I woke up thinking about the Tetons this morning. They were the first place I lived outside of Florida. Talk about setting a high water mark. While not everything went smoothly that summer–10 hour days, six days a week, love quadrangle in the kitchen– I remember snow falling on the 4th of July, bears sneaking around the ranch, a sandstone cave high on a bluff overlooking the Gros Ventre range. In that semi-lucid state just before waking, I squinted my eyes against the glare of the sun on the Snake river. I felt the thrill of being up high and far away. Fields of lupine, indian paintbrush, and sagebrush. Pints of Guiness at Dornan’s.
I hope Sasquatch shows up with a post from there today, and hits on a few things I might have forgotten about. Maybe I need to get back to the big sky country myself, just to have a look around. It makes me kind of sad to think of all the places I’ve been that I may not make it back to for a visit. On the other hand, maybe I’ll spend another 12 years seeing them all over again, with some new stuff in between. Hell, there’s plenty of time for everything right?
I made this journal entry two nights ago, but it took me until now to find internet access.
June 19: Life in Laramie
Not much jumpin tonight at the Howard Johnson’s in Laramie, Wyoming, but this day was a full one. We checked out the Red Rocks area and amphitheater outside of Denver and then drove out to Idaho Springs, Colorado and up to the highest paved and driveable point in America, Mount Evans. We could barely walk when we got up there it was so damn high. Kids were FREAKING out in the back seat the whole way up, convinced I was going to drive off the side of the world and we’d all tumble down to our fiery deaths. They kept insisting their mother drive, almost begging that she take the wheel! Truth to tell, though, I think they felt all the more courageous when it was all over and they’d been up and down the tallest driveable mountain in the country, with DAD DRIVING! Loosey Goosey at 14,000 feet! Other Notable Moments:
Squawtch and I finally went off on Jr. Squatch for asking millions of questions from the backseat that either: a) He could open his eyes, wake up in his body, and answer himself; or b) Are not answerable, as in we’re so hysterically and obviously lost that we’re about to send up a flare, and he’s suddenly wondering exactly how many more miles and could he get an E.T.A., give or take a minute? After we both blasted him good, there was a pensive silence from the back seat, and I’m thinking just maybe we’d gotten through. Finally he asks in his best deadpan, “And when exactly did curiosity become illegal, because somehow I missed that announcement.”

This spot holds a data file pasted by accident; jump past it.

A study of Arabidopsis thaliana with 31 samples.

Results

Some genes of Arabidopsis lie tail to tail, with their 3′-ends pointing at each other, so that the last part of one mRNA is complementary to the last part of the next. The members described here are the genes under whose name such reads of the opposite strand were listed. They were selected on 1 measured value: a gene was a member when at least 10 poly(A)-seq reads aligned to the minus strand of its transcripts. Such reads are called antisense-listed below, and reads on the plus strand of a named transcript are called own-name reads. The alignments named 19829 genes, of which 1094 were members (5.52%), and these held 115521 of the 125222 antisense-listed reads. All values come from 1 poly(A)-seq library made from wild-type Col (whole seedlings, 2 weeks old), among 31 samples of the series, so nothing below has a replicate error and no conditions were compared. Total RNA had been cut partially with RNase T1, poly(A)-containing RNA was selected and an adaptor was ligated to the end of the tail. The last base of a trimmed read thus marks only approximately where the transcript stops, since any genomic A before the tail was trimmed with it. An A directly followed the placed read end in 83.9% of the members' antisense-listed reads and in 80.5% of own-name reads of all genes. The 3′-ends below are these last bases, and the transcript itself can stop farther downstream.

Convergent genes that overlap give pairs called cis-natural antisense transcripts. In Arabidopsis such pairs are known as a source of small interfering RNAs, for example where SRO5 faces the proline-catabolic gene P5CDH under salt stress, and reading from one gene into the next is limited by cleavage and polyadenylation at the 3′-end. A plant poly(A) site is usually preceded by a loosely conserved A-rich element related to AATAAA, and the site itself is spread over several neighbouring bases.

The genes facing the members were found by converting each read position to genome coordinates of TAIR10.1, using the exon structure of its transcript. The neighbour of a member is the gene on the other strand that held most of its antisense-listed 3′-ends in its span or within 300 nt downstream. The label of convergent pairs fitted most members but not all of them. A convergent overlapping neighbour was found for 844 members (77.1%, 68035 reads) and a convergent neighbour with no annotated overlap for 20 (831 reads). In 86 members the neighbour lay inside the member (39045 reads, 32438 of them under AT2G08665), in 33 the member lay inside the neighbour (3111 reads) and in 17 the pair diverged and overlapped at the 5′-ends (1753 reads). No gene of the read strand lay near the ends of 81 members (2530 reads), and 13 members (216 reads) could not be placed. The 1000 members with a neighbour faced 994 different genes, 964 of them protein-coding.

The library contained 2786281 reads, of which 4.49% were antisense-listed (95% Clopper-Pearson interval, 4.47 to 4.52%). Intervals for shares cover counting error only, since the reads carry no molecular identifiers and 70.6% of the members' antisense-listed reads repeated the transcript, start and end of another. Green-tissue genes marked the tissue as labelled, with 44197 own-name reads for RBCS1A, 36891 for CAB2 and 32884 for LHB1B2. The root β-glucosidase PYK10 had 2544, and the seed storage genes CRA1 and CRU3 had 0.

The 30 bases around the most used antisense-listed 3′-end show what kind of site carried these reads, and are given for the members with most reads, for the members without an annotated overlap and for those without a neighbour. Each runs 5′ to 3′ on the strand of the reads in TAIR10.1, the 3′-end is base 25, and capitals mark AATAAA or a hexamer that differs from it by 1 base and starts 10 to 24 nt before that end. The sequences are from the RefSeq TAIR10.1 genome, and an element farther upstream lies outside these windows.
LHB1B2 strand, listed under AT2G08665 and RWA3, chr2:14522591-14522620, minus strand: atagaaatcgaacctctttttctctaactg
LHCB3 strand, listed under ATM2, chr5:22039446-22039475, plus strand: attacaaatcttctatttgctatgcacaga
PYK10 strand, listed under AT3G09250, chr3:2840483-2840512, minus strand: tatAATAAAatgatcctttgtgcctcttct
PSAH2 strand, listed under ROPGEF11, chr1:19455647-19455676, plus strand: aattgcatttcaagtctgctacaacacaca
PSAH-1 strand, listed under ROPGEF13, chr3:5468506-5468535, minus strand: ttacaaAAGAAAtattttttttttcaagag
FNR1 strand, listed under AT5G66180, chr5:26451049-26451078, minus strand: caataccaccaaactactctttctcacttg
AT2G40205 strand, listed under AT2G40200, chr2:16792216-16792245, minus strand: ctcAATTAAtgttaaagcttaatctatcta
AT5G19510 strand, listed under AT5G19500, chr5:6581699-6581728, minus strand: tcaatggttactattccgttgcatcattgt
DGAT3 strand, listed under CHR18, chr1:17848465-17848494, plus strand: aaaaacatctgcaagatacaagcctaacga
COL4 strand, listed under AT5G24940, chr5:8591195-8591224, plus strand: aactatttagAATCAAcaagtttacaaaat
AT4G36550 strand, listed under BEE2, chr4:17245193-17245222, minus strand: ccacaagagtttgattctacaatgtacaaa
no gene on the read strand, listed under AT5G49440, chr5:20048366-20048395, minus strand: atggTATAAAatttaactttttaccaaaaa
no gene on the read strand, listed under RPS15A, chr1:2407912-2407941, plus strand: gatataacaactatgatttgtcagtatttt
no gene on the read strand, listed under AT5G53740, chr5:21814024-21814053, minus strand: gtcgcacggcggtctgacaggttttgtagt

Part of our family culture involves perpetual drama around perceived danger. My wife and kids think I’m not cautious enough in any realm. My wife and I both think our kids are too cautious, and I think my wife is generally too cautious but appreciate that she’s not a pansy. The fact is if there’s ever a true emergency that involves blood or vomit, she’s much braver than I am, so I can’t say too much. Needless to say, our Sunday drive up Mount Evans today had us all stirred up in our usual “acceptable risk” shouting match, but on the way down we saw something that had us all laughing so hard we were crying. The car ahead of us (green Honda hatchback) was carrying a middle age couple who looked normal enough, except that the man (driving) was wearing a full, shiny black crash helmet with the thick black chin strap all fastened. He was driving ten and two looking like that Warner Brothers cartoon space guy who was always saying, “Heavens to Murgatroid!” We just fell apart! Regardless of our differences of opinion regarding the sanity of this adventure, we ALL knew that guy was a freak!
There’s lots of tetons around here. I’m spending most of my time trying to figure out which one is the Grand one.
I’m writing this from the Jackson Lodge here in the Grand Teton National Park. I’m looking out this HUGE set of windows, and…you know what? I’ll bet THAT ONE right there is the Grand One. Well good, now I can leave.
We spent most of our time this morning walking the valley trails and getting saturated with beauty. I’m trying hard not to compare, but so far I prefer the sweet, worn down verdancy of the Smokies and the boiled peanut stands of the Blue Ridge. I’m not saying this out loud, mind you, because Sqawtch would roll her eyes so hard she might fall over on the trail under the weight of her disgust. (She’s a western girl, and she’s digging this so hard she practically skips everywhere we go) Besides, I’m slow to warm, so by the time we’ve spent a night in Yellowstone (tonight) and bathed in the boiling river, I’ll be all about this mighty mountain range and nothing else.
Lots of great family stuff to report, but we’ve got to get back on the road to Yellowstone and get our camp settled.
Always bustin’ balls on the guy wit the helmet…
Your kids ARE courageous for riding with your loosey goosey ass…
Big dumb mountains? great,…NEXT!
Oh, and thanks for that soulful reminiscence to feed my spirit. Now I’m back to “Ah, fuck the West, and their fuckin’ bison too.”
1. That would be Marvin the Martian. How soon they forget.
2. I think they’re both (all?) supposed to be Grand.
3. Give the Rockies a few days to sink in; if that doesn’t work, wait ’til the second half of your trip and see if the High Desert (that’s right, caps) of the Southwest strums your mystic chords.
1 Grand, all Tetons. Wassup HT, you been ridin’? I hit the north side Sunday and today. Want some?